The British rocket startup Orbex today announced that it is expanding its factory and office space in its facilities in Scotland and Denmark, the former at its facility it leases at the new spaceport in Sutherland.

The company is adding an extra 1,500 square metres of factory and office space to its existing 4,750 square metre estate in Forres, Scotland and Copenhagen, Denmark. The additional space will increase the company’s launch vehicle production and propulsion system manufacturing capacity and add an extra software laboratory and an avionics clean room space with ISO 8 and ISO 9 sections. The additional capacity in Forres is just 3km from its test site at Kinloss, allowing for quick turnaround between the two sites, as Orbex ramps up its testing in the countdown to launch.

The press release doesn’t give any information about the expansion in Denmark. I wonder if it is occurring as a hedge against the kind of bureaucratic delays in the UK that destroyed Virgin Orbit. Orbex’s Prime rocket is presently under construction in Scotland, with its first launch planned for this year out of Sutherland. Whether it can get a launch permit promptly is doubtful, based on the fifteen months it took Britain’s Civil Aviation Authority (CAA) to approve Virgin Orbit. Orbex applied for the launch license in February 2022 (seventeen months ago) and so far there is no word from CAA about its approval.

Other Scandinavian spaceports are under construction in Sweden and Norway, which suggests establishing facilities in Denmark could strengthen Orbex’s ties to these new spaceports, especially in Sweden as both Sweden and Denmark are members of the European Union. Norway meanwhile as strong trades ties to the EU. Orbex has also signed a deal with Arianespace to launch ESA payloads, and it could be those launches could occur in French Guiana.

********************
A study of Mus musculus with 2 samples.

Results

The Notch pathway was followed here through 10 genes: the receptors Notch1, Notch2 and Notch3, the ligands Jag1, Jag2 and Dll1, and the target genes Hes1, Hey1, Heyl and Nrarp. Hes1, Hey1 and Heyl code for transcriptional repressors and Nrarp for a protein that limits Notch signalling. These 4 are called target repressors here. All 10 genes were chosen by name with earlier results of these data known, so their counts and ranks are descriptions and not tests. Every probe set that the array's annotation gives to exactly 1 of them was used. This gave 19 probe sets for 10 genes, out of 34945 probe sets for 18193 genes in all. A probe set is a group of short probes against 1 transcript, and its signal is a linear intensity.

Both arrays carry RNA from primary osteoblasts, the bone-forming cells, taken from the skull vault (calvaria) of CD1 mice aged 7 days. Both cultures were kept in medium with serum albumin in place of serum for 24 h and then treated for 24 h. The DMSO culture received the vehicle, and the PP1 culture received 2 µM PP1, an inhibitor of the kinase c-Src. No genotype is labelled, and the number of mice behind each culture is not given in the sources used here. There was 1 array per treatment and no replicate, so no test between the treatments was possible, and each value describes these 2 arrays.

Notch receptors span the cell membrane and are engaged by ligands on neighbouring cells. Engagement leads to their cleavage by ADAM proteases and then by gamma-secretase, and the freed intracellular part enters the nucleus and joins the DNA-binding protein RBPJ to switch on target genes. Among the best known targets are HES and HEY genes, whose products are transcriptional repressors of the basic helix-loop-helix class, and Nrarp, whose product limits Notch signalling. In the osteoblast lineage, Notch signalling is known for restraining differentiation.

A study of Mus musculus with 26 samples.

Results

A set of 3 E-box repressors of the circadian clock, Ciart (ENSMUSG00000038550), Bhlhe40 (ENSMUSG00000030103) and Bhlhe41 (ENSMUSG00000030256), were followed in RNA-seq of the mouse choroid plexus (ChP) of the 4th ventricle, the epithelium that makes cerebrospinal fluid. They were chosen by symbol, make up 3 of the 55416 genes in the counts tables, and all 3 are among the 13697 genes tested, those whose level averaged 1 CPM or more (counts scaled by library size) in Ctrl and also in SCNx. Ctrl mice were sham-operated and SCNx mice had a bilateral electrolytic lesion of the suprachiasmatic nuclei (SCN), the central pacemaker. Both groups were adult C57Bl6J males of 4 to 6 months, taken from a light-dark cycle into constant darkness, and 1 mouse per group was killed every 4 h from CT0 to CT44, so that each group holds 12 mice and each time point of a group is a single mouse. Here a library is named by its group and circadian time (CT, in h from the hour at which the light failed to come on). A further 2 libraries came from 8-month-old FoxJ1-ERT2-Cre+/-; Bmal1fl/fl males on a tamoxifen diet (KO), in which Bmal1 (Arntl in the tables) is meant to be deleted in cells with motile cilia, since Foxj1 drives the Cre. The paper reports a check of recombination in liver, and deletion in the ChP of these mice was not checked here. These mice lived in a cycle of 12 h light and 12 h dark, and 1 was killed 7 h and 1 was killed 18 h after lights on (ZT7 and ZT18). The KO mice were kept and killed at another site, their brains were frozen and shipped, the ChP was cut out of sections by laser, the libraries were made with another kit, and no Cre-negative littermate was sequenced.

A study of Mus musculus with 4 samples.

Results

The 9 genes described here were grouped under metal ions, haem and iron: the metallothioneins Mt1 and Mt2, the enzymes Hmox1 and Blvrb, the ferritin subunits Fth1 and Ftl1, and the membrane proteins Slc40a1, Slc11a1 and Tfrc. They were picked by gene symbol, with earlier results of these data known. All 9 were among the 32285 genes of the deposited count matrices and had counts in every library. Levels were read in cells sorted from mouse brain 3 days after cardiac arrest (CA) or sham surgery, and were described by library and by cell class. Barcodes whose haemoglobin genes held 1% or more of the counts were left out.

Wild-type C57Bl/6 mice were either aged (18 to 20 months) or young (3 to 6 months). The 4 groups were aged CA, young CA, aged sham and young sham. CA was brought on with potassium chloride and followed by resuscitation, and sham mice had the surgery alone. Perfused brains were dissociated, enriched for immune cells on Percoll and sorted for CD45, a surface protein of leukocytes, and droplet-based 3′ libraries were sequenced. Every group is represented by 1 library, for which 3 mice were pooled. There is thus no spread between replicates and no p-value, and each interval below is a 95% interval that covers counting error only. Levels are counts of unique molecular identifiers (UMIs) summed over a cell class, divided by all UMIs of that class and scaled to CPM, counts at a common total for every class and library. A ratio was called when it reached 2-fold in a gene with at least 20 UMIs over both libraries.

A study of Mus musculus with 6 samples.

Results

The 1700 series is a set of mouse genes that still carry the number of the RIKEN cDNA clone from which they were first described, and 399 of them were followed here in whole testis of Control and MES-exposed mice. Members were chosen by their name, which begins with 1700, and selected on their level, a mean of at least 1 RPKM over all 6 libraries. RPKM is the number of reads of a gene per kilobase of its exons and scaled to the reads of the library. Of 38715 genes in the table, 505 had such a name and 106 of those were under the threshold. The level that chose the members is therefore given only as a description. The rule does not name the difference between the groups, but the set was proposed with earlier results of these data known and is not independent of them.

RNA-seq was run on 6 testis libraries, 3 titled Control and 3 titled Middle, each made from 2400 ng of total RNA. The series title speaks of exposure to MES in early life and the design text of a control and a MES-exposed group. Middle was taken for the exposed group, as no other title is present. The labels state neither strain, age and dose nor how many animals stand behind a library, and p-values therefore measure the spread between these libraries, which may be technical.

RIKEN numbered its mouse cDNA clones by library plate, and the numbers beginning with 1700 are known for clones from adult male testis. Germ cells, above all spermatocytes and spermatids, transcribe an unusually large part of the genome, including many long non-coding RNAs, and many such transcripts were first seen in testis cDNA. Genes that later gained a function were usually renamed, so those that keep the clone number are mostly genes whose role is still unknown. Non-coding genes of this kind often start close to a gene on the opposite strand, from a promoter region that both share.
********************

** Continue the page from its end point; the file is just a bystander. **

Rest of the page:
It seems wise if Orbex prepares for launch problems in the UK. Today’s announcement could be signalling that preparation.

Genesis cover

On Christmas Eve 1968 three Americans became the first humans to visit another world. What they did to celebrate was unexpected and profound, and will be remembered throughout all human history. Genesis: the Story of Apollo 8, Robert Zimmerman's classic history of humanity's first journey to another world, tells that story, and it is now available as both an ebook and an audiobook, both with a foreword by Valerie Anders and a new introduction by Robert Zimmerman.

The ebook is available everywhere for $5.99 (before discount) at amazon, or direct from my ebook publisher, ebookit. If you buy it from ebookit you don't support the big tech companies and the author gets a bigger cut much sooner.


    After what happened to Virgin Orbit, why would any sane company even attempt to launch from the UK? Clearly, the socialist UK government doesn‘t want any new private industry to get a foothold in (formerly) Great Britain.

  • David M. Cook: Orbex however has a problem. It already has a 50 year lease at Sutherland to launch, and its rocket facility is there. They are dependent on the UK allowing them to launch. If blocked, it will hurt them badly.